The
Definition Of

Classification of cash flows

The statement of cash flows classifies cash receipts and cash payments as operating, investing, and financing activities. Transactions and other events characteristic of each kind of activity are as follows.

  1. Operating activities include the cash effects of transactions that create revenues and expenses. They thus enter into the determination of net income.
  2. Investing activities include (a) acquiring and disposing of investments and property, plant, and equipment, and (b) lending money and collecting the loans.
  3. Financing activities include (a) obtaining cash from issuing debt and repaying the amounts borrowed, and (b) obtaining cash from stockholders, repurchasing shares, and paying dividends.

The operating activities category is the most important. It shows the cash provided by company operations. This source of cash is generally considered to be the best measure of a company’s ability to generate sufficient cash to continue as a going concern.

Share it:

More from this Section

  • Dividend
    A dividend is a corporation’s distribution of cash or stock to its stock holders on a pro rata (proportional) basis. Investors are very interested...
  • Bank reconciliation
    Bank reconciliation is the process of comparing the bank’s balance of an account with the company’s balance and explaining any differences to make them agree.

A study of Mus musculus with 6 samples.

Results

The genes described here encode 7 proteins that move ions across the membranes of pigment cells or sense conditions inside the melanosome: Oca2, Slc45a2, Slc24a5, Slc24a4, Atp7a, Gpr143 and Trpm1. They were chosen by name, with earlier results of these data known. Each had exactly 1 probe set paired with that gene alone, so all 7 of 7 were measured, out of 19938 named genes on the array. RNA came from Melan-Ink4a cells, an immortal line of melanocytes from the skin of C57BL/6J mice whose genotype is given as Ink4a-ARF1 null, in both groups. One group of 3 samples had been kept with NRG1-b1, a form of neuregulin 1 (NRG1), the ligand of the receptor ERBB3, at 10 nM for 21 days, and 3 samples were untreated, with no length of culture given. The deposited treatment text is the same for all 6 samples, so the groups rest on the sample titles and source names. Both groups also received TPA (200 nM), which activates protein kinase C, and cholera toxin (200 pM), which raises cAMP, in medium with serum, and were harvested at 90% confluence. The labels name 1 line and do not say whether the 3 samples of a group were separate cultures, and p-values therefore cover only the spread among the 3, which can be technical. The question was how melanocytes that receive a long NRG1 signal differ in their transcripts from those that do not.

• Enterprise resource planning (ERP) systems
    Enterprise resource planning (ERP) systems are typically used by manufacturing companies with more than 500 employees and $500 million in sales.
  • Publicly held corporation
    Publicly held corporation is a corporation that may have thousands of stockholders and whose stock is regularly traded on a national securities exchange...
  • Bond certificate
    Bond certificate is a legal document that indicates the name of the issuer, the face value of the bonds, and such other data as the contractual...
  • Long-range planning
    Long-range planning is a formalized process of selecting strategies to achieve long-term goals and developing policies and plans to implement the strategies.
  • First-in, first-out (FIFO)
    First-in, first-out (FIFO) method is an inventory costing method that assumes that the costs of the earliest goods purchased are the first to be recognized as cost of goods sold.